On 7 March last, Macra was delighted to co-host an event titled ‘Resilient Industry: Adapting to change’.

There are several things that I want to say about the event, firstly it was brilliant to work with Niamh and her team in ASA to put together this event to mark International Women’s Day.

We marked it with an event that raised a considerable amount for Breast Cancer Ireland, as all proceeds went to this worthwhile charity.

Macra and ASA are unusual organisations in Irish agriculture, as they are both led by women; thankfully we are no longer the outliers in the industry with the election of Alice Doyle as the deputy president of the IFA last December.

This event and indeed many more events are only possible through the support of many, from those who arrange the many logistical aspects of the event, to those who support us, both members of ASA and Macra as well as people who are not members of either but equally welcome, to the benefactor of Irish agriculture: the FBD Trust. Without the help of Michael and Mary, events such as these would not come to pass, we would be a poorer industry.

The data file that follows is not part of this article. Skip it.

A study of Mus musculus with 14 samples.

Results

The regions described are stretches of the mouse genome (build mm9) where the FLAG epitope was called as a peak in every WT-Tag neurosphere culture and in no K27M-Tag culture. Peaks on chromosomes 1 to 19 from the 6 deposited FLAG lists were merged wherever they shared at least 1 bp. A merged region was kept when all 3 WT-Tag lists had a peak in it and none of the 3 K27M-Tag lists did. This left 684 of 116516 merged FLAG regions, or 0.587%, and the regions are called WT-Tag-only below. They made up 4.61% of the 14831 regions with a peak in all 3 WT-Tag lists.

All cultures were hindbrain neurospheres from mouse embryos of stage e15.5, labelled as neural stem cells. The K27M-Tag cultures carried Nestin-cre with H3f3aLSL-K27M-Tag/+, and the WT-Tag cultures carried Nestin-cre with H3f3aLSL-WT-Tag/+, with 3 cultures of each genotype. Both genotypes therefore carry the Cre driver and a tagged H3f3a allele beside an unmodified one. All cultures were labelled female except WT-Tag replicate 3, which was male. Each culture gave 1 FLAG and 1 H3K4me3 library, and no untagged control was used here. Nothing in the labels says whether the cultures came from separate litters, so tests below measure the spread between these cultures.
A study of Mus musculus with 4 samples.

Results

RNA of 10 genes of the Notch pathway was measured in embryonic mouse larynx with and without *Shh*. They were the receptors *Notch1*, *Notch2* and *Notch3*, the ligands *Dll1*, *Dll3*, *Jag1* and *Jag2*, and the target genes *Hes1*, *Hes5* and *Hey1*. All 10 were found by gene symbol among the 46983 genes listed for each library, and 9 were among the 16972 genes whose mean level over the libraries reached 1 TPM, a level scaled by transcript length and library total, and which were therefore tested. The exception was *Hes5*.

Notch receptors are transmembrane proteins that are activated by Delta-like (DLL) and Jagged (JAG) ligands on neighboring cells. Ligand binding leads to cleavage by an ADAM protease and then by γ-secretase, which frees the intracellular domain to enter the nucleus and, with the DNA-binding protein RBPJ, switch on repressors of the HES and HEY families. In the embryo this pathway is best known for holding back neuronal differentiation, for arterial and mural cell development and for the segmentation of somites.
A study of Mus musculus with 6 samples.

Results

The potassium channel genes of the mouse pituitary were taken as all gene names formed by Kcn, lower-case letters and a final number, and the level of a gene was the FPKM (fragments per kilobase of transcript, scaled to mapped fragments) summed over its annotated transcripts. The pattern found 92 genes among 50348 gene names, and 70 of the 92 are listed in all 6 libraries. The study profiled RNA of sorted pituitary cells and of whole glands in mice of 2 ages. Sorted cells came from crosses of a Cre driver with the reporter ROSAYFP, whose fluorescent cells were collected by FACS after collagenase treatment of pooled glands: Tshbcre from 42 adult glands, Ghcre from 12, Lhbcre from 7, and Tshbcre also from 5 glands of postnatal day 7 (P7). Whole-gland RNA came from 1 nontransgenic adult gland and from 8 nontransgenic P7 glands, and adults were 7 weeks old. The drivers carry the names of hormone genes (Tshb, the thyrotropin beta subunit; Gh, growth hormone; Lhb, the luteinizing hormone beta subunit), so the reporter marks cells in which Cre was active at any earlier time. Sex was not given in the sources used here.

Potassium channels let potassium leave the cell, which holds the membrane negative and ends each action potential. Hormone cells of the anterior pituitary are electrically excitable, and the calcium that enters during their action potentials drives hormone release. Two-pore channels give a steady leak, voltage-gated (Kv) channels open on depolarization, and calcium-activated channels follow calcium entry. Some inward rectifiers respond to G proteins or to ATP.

Our discussions last Thursday centred on two panels, the first was on ‘Resilient Women in our Industry’ with the second on ‘Agri Industry Ability to adapt to Change’. Our industry, despite what you may hear or see in some media outlets is one that is full of powerful people, who can and do make changes when needed; the image of a farmer just saying no for the sake of it is a lazy stereotype that has no place in today’s Ireland.

We are seeing resilience on a daily basis when we look to our aging farming population, many of whom wish to retire with a degree of dignity, do not have the opportunity to retire, so they keep going and will keep going. We see our industry which has had very ambitious targets set for itself in relation to greenhouse gases, making the changes that are required as evidenced by the recently reported drop in emissions.

Immense contribution

I couldn’t write this piece without acknowledging the immense contribution of women to our industry over the last hundred years and longer.

Times are changing and the contribution is ever increasing, I have heard enough horror stories to know that all is not perfect, but we are on our way and will not stop. I want to ask the reader to slow down and just to think about the contribution of women to Irish agriculture. We don’t expect a bunch of flowers for our contribution, all we want is an acknowledgement.